In part 1 of this multi-part post, I introduced the concept of Fact Crashing. This is the acceleration of dispute resolution through the prioritization of data-based evidence.

This data-based evidence is not emails (although emails may contribute to it). We are talking about ambient, contextual, and transactional data. This is what makes up most databases, most log files, most cell-phone records, most text-messages. This is the data glue that holds our digital lives, and our activities, together.

I described Fact Crashing. Today I will start to share the 9 principles of Fact Crashing.

Principle 1: Data is Evidence, and is Discoverable.

While this seems obvious to some, it’s not obvious to all. The Federal Rules of Civil Procedure (“FRCP”) Rule 34, which sets the standards for the production of documents in Federal Court, contains a laundry list of items subject to production, inspection, copying, testing, or sampling.

This list includes “Data Compilations” (FRCP 34(a)(1)(A)). The committee notes from 1970 amendments discuss printouts of computer data. Fast forward 25 years, and the committee notes from the 2006 amendments (the “E-Discovery Amendments”) confirms that Rule 34(a) is amended to put ESI on equal footing with paper discovery, and that this means “all current types of computer-based information”. Further, the amendments were intended to be flexible enough to encompass future changes and developments.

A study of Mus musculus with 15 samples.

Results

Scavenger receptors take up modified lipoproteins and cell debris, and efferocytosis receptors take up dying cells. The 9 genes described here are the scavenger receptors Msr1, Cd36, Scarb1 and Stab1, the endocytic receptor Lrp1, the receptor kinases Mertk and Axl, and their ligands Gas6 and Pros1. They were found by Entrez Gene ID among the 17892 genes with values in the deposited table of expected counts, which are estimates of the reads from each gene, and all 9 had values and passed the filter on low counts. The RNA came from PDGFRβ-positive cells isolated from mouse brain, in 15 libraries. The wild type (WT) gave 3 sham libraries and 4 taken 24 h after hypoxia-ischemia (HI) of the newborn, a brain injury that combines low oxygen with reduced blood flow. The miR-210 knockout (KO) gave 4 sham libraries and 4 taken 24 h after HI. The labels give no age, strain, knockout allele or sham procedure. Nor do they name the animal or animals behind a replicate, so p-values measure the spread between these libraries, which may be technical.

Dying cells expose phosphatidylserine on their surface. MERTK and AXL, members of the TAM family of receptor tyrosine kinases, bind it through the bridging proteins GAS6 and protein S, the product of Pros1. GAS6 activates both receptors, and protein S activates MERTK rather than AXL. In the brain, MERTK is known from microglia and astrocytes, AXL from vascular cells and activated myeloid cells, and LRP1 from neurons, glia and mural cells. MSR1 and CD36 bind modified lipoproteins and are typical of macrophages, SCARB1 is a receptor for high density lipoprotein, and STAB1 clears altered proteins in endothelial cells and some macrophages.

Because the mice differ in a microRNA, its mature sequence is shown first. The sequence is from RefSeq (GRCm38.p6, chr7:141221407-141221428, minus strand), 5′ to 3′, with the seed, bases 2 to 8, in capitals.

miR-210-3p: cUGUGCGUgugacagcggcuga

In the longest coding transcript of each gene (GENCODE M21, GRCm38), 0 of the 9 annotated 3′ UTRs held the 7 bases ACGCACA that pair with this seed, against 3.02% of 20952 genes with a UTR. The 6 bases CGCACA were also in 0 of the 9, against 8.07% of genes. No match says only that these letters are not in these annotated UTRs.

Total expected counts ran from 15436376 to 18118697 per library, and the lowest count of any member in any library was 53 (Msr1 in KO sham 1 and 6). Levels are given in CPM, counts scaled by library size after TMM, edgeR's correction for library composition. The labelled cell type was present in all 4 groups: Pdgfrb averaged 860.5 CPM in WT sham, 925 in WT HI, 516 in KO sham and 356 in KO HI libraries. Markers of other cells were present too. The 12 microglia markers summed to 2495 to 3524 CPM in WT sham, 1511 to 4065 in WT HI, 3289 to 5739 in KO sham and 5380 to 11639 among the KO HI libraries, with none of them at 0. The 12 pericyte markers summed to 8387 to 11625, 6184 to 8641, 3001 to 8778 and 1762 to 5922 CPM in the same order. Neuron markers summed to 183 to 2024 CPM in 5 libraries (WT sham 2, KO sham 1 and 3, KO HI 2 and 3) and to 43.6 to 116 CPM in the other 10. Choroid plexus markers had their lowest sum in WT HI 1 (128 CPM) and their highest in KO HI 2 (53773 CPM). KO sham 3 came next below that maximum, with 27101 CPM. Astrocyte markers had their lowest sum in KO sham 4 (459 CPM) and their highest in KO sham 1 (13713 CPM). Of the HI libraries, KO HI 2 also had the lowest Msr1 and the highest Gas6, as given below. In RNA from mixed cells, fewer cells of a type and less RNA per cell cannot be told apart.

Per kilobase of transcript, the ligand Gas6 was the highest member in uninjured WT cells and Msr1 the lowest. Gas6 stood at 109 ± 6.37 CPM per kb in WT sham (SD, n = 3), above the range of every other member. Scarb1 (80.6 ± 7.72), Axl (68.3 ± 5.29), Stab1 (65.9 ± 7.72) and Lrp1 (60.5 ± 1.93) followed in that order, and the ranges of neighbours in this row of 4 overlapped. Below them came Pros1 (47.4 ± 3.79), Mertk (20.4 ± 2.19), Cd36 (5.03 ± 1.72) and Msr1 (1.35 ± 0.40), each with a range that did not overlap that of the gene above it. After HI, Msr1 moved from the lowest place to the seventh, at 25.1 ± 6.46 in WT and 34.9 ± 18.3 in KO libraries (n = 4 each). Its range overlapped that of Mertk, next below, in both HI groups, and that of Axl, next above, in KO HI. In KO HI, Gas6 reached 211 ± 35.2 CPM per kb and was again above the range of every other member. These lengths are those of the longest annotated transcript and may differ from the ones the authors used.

At the same time, the Federal Rules of Evidence, especially FRE 902, contains language specific to the “authenticity of electronic evidence” and the authentication of data copied from an electronic device, storage medium, or an electronic file.

There are numerous other references to data (“facts or data”) in the federal rules of evidence including rules FRE 101 (“Scope; Definitions”), FRE 702 (“Testimony of Expert Witnesses”), FRE 703 (“Bases of an Expert’s Opinion Testimony”), FRE 705 (“Disclosing the Facts or Data Underlying an Expert’s Opinion”).

If this were not sufficient, we have a rich history of jurisprudence, and we are fortunate enough to have the Sedona Conference who has published multiple guidance papers and their own principles related to e-discovery in general, and database discovery specifically. Most interestingly, I meet the occasional person who accepts that e-mails are discoverable, but databases are not. To that person, I have the following fun fact: e-mail systems are databases.

So, Principle 1 is “Data is Evidence, and is Discoverable”. Just to be clear. Once we accept that, the rest is (mostly) easy.